Mountain Conditions Summary for the Coast Mountains August 1st, 2019

MCR Coast Range Conditions Summary - Posted by Ross Berg on behalf of Andrew Councell, IFMGA Mountain Guides

While we haven’t settled into a period of prolonged high-pressure yet, we are enjoying a relatively smoke free summer so far. For those of us who work outdoors for a living this is a lung saving blessing. Thursday evening through Friday afternoon another bout of rain will keep things damp. Freezing levels are forecasted to hover around 2900m around the Sea to Sky corridor which will bring snow (up to 10cm) to the higher peaks, like Wedge Mountain. It seems like the farther north you go the greater the precipitation amounts become (ie, over 60cm on Waddington by Friday afternoon). Vancouver Island’s Alps are in for a thorough soaking in the next 36 hours as well, with over 80mm of rain forecasted.

But it’s not all doom and dampy gloom as the weather looks to improve significantly throughout the long weekend. What this means for the mountains is lots of water lubricating the mountain sides which will increase the likelihood of rockfall, especially as whatever snow we do get at higher elevations begins to melt. It also means that certain objectives will need a bit of time to dry out, so plan accordingly. Be wary of hanging snow pockets, or the periphery of larger snow covered slopes, resting on rock slabs where free water running underneath promotes failure.

Reports from my colleagues around the Coast from the Spearhead to the Matier zone and the Tantalus are that glaciers remain in relatively good shape with decent snow coverage in the upper regions. On a brief foray into the alpine this week I witnessed some snow bridges spontaneously collapsing. Snow climbing has been in great shape, though, making for fast, supportable and efficient travel. The incoming rain will soak the snow surface and make travel more arduous but hopefully we will quickly rebound. Think: Sunday.-Monday. Due to non-freezing temps overnight, travel on snow has been good without crampons lately but glaciers are showing their ice. The Stadium Glacier on Sky Pilot, for example, is showing a patch of blue ice now although it’s still passable via snow at this point.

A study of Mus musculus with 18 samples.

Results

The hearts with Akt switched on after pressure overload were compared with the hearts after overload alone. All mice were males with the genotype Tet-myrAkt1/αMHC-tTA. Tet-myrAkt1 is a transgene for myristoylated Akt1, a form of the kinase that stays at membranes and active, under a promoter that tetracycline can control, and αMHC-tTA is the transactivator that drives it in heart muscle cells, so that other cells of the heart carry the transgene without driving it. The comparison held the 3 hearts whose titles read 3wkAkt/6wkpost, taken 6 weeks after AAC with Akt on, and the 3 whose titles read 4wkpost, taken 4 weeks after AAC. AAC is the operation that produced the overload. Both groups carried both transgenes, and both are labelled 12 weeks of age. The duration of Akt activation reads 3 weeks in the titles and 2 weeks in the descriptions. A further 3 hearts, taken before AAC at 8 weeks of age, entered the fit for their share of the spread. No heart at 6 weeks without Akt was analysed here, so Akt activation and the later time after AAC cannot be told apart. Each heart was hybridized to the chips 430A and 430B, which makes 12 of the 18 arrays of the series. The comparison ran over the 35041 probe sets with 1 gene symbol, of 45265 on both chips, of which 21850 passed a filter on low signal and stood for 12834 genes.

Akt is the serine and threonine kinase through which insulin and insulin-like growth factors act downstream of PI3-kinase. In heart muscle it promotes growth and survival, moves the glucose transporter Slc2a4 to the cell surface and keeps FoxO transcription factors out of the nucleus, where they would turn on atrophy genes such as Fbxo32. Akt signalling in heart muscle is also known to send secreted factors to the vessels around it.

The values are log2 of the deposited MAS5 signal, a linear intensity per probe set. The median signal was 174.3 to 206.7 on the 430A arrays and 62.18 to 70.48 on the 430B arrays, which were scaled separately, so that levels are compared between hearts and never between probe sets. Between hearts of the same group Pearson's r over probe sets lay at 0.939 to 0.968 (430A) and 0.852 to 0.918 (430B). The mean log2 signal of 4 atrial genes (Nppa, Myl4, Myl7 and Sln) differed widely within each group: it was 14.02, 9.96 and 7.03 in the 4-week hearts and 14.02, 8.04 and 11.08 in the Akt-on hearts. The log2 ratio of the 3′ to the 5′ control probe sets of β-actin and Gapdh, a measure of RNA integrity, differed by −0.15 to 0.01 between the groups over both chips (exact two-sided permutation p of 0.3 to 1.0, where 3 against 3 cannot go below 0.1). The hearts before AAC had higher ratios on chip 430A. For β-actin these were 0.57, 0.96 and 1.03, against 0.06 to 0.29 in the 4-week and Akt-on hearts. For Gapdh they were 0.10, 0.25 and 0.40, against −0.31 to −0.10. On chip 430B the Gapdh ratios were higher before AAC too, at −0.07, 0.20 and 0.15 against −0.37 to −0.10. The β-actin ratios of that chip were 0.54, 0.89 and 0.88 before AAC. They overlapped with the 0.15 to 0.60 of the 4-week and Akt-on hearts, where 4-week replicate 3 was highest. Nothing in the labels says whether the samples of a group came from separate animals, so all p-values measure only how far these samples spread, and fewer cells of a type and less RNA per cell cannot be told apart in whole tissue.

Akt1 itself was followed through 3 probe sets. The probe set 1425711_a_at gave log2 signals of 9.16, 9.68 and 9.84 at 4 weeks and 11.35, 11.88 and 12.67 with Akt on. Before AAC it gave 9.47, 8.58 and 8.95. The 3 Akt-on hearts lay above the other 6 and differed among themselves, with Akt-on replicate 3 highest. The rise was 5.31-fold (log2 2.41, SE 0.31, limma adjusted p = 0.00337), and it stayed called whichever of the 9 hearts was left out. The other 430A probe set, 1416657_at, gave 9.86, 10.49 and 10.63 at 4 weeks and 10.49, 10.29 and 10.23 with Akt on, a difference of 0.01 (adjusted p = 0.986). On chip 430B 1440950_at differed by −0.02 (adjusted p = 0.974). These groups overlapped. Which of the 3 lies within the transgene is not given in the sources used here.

In the Smoke Bluffs there is a BC Hyrdo closure in effect as crews are doing work near the main parking area. The closure affects the Runestone Wall, Boulder Gully and Crag X from July 18 to August 17th. But for the August long weekend these areas will be open from 1pm on August 2nd through August 5th. The closures will be reinstated as of 5am, August 6th. Let’s all please be respectful of these closures; folks accessing these areas will be doing so at their own risk: blasting rock and the power lines are still gonna be hot, folks…might just wanna walk around that zone!

A big thanks to all my fellow guides for their info that helps to make these reports relevant. It’s a great community to be a part of. Stay safe this weekend and keep in mind the relatively sudden changes the mountains are undergoing with this boost of moisture, especially Saturday as things dry out.

Andrew Councell

IFMGA Mountain Guide

On The Map

These observations and opinions are those of the person who submitted them. The ACMG and its members take no responsibility for errors, omissions, or lapses in continuity. Conditions differ greatly over time and space due to the variable nature of mountain weather and terrain. Application of this information provides no guarantee of increased safety. Do not use the Mountain Conditions Report as the sole factor in planning trips or making decisions in the field.